At 8 p.m. a week from Tuesday, we will have elected two new members to the Salem-Keizer School Board, responsible for overseeing Oregon's second-largest school district.
In Zone 6, an incumbent is running unopposed; in Zone 4, Jim Green is running against a nominal opponent who actually filed for three different races and has only campaigned for transit board.
An in Zone 2, the only actually contested race, one of the two candidates is your LOVESalem HQ editor, who suggests these two pieces as important food for thought on the state and direction of our schools: "Dear Secretary Duncan" and "The Testing Machine," a vital warning about what happens when standardized "achievement" tests dominate thinking about school performance.
The local paper's endorsement (and link to the one-hour joint interview) is here.
A gloss on the contested races here.
Last month, the Chamber of Commerce asked candidates a series of written interview questions and promised that the questions and answers would run in the local business monthly. Oddly enough, with no warning, that didn't happen for some reason. So I am publishing the questions and my responses here:
1) Very specifically, what do you feel is the greatest barrier to the school district helping students achieve their full academic potential?
Our greatest achievement barrier is our failure to specify and publish detailed learning and measurable intermediate and final performance objectives for all K-12 subjects and our failure to link annual student progress and ultimate grad standards to meeting those objectives rather than to endurance of classroom hours.
Failing to provide detailed learning objectives and performance standards makes it hard for students and families to check their own progress through the curriculum; it also makes students depend on teachers rather than allowing motivated students to progress through the curriculum at a pace that maintains interest. It also makes it hard for students and families to create and implement an individual education plan tailored for each specific student.
But with those learning goals published, parents and teachers can meet annually (joined by the student when older) and agree on their child’s specific goals for the year, targeting the specific objectives to be tackled that year. The job of the district is then to help the family choose and then provide the optimal instruction methods and experiences for the agreed learning, given the student’s learning style, the family willingness to take responsibility for helping the student, and the specific goals selected.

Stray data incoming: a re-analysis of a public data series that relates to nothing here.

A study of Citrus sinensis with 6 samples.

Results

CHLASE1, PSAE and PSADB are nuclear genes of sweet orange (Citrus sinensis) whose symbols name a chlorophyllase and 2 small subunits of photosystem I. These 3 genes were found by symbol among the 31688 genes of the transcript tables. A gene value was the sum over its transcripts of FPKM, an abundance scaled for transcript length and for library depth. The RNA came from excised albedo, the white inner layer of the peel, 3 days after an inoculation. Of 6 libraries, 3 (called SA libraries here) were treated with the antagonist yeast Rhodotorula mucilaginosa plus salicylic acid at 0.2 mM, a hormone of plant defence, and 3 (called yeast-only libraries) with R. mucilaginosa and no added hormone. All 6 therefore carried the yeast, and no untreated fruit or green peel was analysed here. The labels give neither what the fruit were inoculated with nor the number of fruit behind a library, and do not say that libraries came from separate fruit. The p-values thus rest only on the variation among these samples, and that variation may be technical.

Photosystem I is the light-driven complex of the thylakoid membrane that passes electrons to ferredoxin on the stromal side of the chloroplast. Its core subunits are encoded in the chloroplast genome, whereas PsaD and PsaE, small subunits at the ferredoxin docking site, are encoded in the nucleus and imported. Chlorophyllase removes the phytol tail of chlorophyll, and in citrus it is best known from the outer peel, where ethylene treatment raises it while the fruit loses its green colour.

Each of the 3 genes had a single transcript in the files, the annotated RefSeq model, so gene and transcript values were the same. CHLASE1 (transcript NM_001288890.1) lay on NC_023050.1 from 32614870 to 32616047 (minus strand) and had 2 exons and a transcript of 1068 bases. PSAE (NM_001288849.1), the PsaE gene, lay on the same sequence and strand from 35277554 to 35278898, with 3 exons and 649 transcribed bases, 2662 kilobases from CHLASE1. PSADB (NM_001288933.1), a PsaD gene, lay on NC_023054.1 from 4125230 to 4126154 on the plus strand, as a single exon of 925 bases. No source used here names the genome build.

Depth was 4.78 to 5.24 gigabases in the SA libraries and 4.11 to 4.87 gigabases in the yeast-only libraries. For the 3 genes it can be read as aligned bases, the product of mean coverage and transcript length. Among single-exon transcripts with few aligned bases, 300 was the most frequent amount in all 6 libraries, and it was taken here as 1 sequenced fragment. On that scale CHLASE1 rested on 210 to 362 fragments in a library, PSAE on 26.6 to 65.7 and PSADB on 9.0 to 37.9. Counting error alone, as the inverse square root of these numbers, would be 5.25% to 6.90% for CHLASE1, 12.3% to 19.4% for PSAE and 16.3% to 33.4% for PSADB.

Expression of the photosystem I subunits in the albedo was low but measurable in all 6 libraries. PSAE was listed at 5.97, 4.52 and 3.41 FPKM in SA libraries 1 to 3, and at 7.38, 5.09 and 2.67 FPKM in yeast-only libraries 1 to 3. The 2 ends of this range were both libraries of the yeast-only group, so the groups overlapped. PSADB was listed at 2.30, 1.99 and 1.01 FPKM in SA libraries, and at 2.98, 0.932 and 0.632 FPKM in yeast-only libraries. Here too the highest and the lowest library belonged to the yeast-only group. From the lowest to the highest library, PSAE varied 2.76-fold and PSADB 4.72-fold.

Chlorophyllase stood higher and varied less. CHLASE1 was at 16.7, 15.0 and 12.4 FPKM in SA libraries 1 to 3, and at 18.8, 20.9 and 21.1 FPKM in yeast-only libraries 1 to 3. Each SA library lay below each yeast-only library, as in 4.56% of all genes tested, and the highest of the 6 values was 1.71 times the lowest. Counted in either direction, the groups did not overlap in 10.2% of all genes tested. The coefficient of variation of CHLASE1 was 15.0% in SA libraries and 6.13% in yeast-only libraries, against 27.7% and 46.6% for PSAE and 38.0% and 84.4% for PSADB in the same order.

2) How would you create a system to reward high performing teachers for their positive impact on student success?
Students are not widgets. Teachers cannot be ranked like factory workers applying a uniform coating to widgets.
The costly, wasteful, and ineffective fixation on standardized testing is driven by the misconception that you can get better results by ranking individual teachers, giving greater rewards to some and punishing others, as if teachers just don’t care to do a good job now.
Reality: ultimate student success at graduation (or dropping out) appears largely determined before school begins, probably before age three. Teachers whose students enjoy the necessary success attributes in life win awards; the same teachers, with too many students lacking the success assets, will struggle heroically against these deficits, but be labeled failures.
We need measurement not of teachers but of the district. We need long-term monitoring tools to tell us how well we helped families prepare their students for healthy, successful lives. It will be hard to learn to do, but we need to get and use as much data as we can on these real-world outcomes, so we can continually improve our results. Hard, but not impossible, and a crude measure of something important is better than a precise measure of something irrelevant, like standardized test scores.
3) How can you give parents a voice in helping quantify the performance of teachers?
By instituting a system of annual individual education plans for all students, where parents and teachers (and the older students) jointly plan and commit to the goals for the upcoming year, we create the opportunity for accountability, not just for teachers but for all the parties essential for educational success.
Letting parents play a bigger role in selecting learning objectives each year will enhance opportunities for and the commitment to parental involvement and support for the agreed learning program. Critically, an agreed set of specific learning and performance objectives for each student each year lets parents monitor the school and the student both, assessing student learning and identifying specific problems and weaknesses.
Then, as part of the planning for the following year, the parents and the district review the student’s performance against the agreed goals, including how well the parents thought the student did, how well the teachers thought the student did in mastering the learning, and the reason for any discrepancies. Where results have fallen short of expectations, the most important question is whether the school let the partner student and parents know early enough to respond or not.